Ruby Tumber spends a lot of time at work, even when she’s not in the office. That’s because she works for the East Bay Regional Park District, the country’s largest regional park system. She spends much of her time exploring park trails, shorelines, and open spaces when she’s not actively managing them. Environmentalism, conservation, and the need for more women and minority voices have always been a passion of hers.
What is the educational and career path that led to your current career?
On paper, I have a Bachelor of Science in Conservation and Resource Studies from the University of California at Berkeley, as well as a Masters in Public Administration – with an Environmental Policy focus – from San Francisco State University. I also spent some time abroad as an undergrad at the Australia National University, studying International Environmental Policy. Since then, I have worked professionally in both private and public sectors performing environmental review, completing energy projects, and analyzing policy. Off paper, I’d say my career has been shaped by a love of the outdoors, something that was instilled in me during childhood and formative years exploring Northern California’s great outside spaces.
How did you become interested in environmental work? How did you end up in such an offbeat, unconventional and exciting career?
I cannot recall a time when I was not environmentally-conscious. My parents grew up in India where the need to sustain an overwhelming population often supersedes preservation of natural resources – open spaces are therefore converted to farmland and housing. My dad grew up in a rural part of India surrounded by multiple species of flora and fauna that no longer exist in the abundance that they did before. He found value in our park systems and the ethos of conservation in the US, which he passed on to me.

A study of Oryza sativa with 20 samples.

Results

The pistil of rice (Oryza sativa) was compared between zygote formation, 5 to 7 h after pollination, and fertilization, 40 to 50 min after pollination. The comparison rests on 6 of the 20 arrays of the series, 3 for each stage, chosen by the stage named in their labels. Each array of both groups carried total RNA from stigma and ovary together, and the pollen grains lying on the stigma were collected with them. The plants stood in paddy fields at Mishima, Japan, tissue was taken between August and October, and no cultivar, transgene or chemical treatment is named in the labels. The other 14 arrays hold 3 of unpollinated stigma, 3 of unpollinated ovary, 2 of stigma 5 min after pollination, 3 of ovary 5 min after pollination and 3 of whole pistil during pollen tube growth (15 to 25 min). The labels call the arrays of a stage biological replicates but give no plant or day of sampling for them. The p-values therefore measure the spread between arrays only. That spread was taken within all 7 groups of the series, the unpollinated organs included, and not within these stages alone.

I grew up with the assumption that my interest in environmentalism wouldn’t translate into a career – I figured that unless I chained myself to a tree in protest and magically profited from it, there wasn’t an occupation for “environmentalist.” It wasn’t until my college years that I realized that the threads of environmentalism, sustainability, and environmental justice are woven into so many disciplines: law, city/regional planning, public health, governance, engineering, architecture, and more. I decided to pursue work in local government because I wanted to focus my efforts at the level it would have the nearest impact to me and my community.
What environmental issues are of most concern to you?
As I mentioned, there are so many facets of environmentalism. There are therefore many issues facing it: climate change, biodiversity loss, overpopulation, depletion of resources, pollution, and more. The list is long, and it’s hard to detach any one issue from the others because they’re are all intertwined, so it’s difficult to pick any one thing that is of the most concern to me. I will say, however, that I think that many of these issues stem from how power and resources are distributed in society and throughout the world. Poor distribution of wealth and resources have led to an ever growing gap between the world’s richest and poorest people. We have seen throughout history that environmental disasters and concerns disproportionately affect the disenfranchised – would this be the case if everyone was effected equally? Probably not. Unfortunately, I think that the accelerated rate at which we are facing environmental problems will eventually reach a precipice of no return. It is therefore of absolute necessity that we engage everyone, break the glass ceilings, and strive to give everyone a voice at the table when it comes to tackling these issues.